When you're in the middle of reading a book you like well enough and intend to finish, but it isn't entirely enthralling you, do you long to go back and re-read books that did enthrall you? I certainly get that way. I seldom actually get around to the re-reading, because there are so many new books I still need to read and discover, but the temptation is strong enough to pull me back to former loves once in a while.

Lately I've particularly wanted to re-read A Room with a View by E.M. Forster, and Winter's Tale by Mark Helprin. (As well as Jonathan Strange and Mr Norrell by Susanna Clarke, and, as ever, The Lord of the Rings by Tolkien, but those I've read more recently than the first two.) I think what I crave is the grace, romance, and wildflowers of the Forster book; and the crazy magic, the sparkling icy scenery, and the gorgeous vocabulary of the Helprin.

What books do you long to return to?



Jan. 25th, 2009 01:20 am (UTC)
Hmm, I haven't read several of these. Will have to look them up!
Jan. 25th, 2009 05:44 am (UTC)
A while ago I re-read some CS Lewis arcana -- the Perelandra trilogy (Out of the Silent Planet, Perelandra, and That Hideous Strength). SF -- the first and second books are set on Mars and Venus, respectively. They both show CSL's genius for creating memorable fantasy worlds with a few brush strokes, quite different from Tolkien's unflagging attention to detail, yet equally effective in a quite different way. They also suffer, if that's the word I mean, from his lack of a similar genius in creating memorable characters. As with Narnia, the first time I reread them as an adult I found that I remembered all of the settings vividly, but none of the characters.

The first book, in particular, has become sort of a writer's-writer classic -- most recently (that I'm aware of, anyway) Larry Niven sampled it pretty extensively in Rainbow Mars. The second book must surely have inspired Leonard Wibberley's Encounter Near Venus. (Leonard Wibberley is the guy who wrote, inter alia, The Mouse That Roared.) The Perelandra trilogy is explicitly Christian (as, for that matter, is Encounter Near Venus), but it's much closer to the syncretic vision of Prince Caspian than to the rather more stringent one of The Last Battle. (Suddenly recalled a (C of E) priest of my childhood years, in whose rectory parlor a bunch of us kids used to play -- yes -- Dungeons and Dragons -- declaring indignantly "CS Lewis was a third-rate theologian!" Several of us were quite uncomfortable about that, but as none of us knew a thing about theology, we were in no position to challenge it.)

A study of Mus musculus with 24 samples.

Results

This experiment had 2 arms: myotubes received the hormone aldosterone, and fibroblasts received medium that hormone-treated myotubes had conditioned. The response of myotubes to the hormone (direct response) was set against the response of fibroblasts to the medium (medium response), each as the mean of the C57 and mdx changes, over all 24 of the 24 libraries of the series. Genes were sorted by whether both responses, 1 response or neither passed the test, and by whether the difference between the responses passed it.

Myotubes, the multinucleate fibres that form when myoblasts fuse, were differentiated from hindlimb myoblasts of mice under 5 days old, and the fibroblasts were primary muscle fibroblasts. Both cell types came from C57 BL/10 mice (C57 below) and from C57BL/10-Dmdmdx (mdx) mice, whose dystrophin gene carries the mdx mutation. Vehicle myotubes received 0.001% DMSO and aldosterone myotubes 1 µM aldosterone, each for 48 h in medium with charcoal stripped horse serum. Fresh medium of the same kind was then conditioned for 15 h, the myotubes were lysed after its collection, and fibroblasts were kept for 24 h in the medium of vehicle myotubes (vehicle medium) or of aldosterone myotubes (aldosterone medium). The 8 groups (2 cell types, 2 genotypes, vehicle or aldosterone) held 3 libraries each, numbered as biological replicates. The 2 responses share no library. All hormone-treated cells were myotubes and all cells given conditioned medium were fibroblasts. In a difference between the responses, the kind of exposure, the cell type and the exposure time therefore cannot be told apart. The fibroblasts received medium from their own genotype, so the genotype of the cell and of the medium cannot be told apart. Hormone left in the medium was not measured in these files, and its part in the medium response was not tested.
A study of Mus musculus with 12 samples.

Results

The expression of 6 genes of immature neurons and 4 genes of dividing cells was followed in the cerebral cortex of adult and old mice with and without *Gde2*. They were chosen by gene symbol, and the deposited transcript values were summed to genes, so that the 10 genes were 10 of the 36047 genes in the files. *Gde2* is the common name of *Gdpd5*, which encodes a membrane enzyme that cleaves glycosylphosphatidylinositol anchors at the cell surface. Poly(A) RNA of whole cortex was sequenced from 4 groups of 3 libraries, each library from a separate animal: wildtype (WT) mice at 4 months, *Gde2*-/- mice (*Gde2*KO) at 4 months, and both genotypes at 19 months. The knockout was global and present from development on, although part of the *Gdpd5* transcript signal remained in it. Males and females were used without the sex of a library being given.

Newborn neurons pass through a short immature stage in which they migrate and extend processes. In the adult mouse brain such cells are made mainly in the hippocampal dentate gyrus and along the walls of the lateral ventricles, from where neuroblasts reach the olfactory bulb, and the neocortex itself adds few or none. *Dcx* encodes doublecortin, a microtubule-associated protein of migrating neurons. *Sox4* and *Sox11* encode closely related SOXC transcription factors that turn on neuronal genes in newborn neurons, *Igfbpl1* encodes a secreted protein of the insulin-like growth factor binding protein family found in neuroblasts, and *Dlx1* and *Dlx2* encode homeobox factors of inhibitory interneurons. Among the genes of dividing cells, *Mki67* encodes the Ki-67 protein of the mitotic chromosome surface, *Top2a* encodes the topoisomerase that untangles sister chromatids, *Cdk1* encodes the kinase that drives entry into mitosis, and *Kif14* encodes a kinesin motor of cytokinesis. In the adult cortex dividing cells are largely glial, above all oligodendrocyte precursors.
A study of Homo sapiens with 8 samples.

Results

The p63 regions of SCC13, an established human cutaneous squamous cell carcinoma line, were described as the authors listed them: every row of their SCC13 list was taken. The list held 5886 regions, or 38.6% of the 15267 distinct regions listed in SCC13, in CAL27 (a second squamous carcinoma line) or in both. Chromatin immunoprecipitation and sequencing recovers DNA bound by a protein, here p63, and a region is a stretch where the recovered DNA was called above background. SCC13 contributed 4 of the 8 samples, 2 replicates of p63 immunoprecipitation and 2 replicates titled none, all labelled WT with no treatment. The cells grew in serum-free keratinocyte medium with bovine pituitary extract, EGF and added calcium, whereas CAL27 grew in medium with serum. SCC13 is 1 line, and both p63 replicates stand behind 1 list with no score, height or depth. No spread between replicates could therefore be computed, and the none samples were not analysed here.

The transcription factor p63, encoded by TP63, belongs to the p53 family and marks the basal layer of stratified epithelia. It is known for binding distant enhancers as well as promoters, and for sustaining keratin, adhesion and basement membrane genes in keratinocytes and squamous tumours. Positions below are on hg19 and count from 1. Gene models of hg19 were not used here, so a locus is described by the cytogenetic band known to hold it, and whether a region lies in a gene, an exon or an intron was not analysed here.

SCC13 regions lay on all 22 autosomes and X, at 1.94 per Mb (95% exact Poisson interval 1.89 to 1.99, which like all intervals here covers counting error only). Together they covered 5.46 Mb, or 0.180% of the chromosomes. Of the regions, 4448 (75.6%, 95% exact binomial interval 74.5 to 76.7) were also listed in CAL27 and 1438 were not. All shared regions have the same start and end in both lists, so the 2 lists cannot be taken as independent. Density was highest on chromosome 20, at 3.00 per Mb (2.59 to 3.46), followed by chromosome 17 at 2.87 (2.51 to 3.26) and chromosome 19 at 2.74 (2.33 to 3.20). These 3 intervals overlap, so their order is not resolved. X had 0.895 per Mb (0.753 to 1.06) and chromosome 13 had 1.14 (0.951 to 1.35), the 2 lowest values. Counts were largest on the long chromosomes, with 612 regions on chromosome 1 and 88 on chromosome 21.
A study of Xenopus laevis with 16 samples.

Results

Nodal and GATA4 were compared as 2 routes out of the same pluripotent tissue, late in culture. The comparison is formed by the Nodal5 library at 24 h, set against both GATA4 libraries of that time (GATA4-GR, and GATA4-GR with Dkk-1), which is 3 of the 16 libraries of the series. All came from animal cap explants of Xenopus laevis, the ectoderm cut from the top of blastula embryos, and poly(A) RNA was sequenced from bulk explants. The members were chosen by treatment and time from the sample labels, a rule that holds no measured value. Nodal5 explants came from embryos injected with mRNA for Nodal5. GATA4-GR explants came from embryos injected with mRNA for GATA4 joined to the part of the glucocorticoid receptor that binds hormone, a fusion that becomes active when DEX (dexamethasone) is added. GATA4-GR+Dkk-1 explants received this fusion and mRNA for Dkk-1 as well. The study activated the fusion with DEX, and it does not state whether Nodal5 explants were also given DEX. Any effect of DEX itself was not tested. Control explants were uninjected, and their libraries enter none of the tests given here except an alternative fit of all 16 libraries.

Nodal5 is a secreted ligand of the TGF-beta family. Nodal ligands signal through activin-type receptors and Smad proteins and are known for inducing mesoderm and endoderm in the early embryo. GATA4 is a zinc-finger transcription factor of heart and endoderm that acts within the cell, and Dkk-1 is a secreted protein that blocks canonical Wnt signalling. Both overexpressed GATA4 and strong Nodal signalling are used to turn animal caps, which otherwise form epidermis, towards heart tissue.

Jan. 28th, 2009 04:17 pm (UTC)
I actually found the Perelandra trilogy in one paperback volume, in a bookstore in Inverness, Scotland. I keep it mostly because it's a souvenir that way. I've only read the first of the three books. As you say, great premise and setting; can't recall much about the characters.

And I've at least seen the movie version of The Mouse that Roared. My family raised me to be a Peter Sellers fan.
Jan. 26th, 2009 02:05 pm (UTC)
The first one I mentioned, Lord Valentine's Castle, is actually my single favorite book of all time (and that's saying something, considering how many thousands of books I own and read). It's kind of a mix of science fiction and fantasy and is set on an immense world named Majipoor which is far larger than Earth, though much less densely settled.

The Wolf's Hour is quite simply the finest werewolf novel I've ever read, and it takes place in an unusual backdrop: during World War II. The lead character is a spy for the Allies, using his "talents" to do things like go behind enemy lines, go undercover and other interesting tasks. The characters are well done and compelling.

The Long Goodbye is one of the best crime noir books you will ever read, featuring his famous creation Philip Marlowe.

King's Eyes of the Dragon is something unlike anything he'd done before: a fantasy with true "storyteller" elements. I can reread it endlessly and still be swept up in its sense of mystery and magic.

Brooks's Shannara series began with The Sword of Shannara, the first fantasy novel to ever hit the NY Times Bestseller List. It was there for a reason: the story and writing are excellent (although admittedly some elements do owe a lot to Tolkien). The Shannara books now number past fifteen at last count, in multiple series, but the first trilogy still holds a special place for me.

Jan. 28th, 2009 04:18 pm (UTC)
Thanks! I'll definitely have to sample some of these. Been too long since I read King in particular. And I saw Brooks talk at a writers' conference a few years back. His sense of humor and perspective on the Shannara phenomenon was refreshing.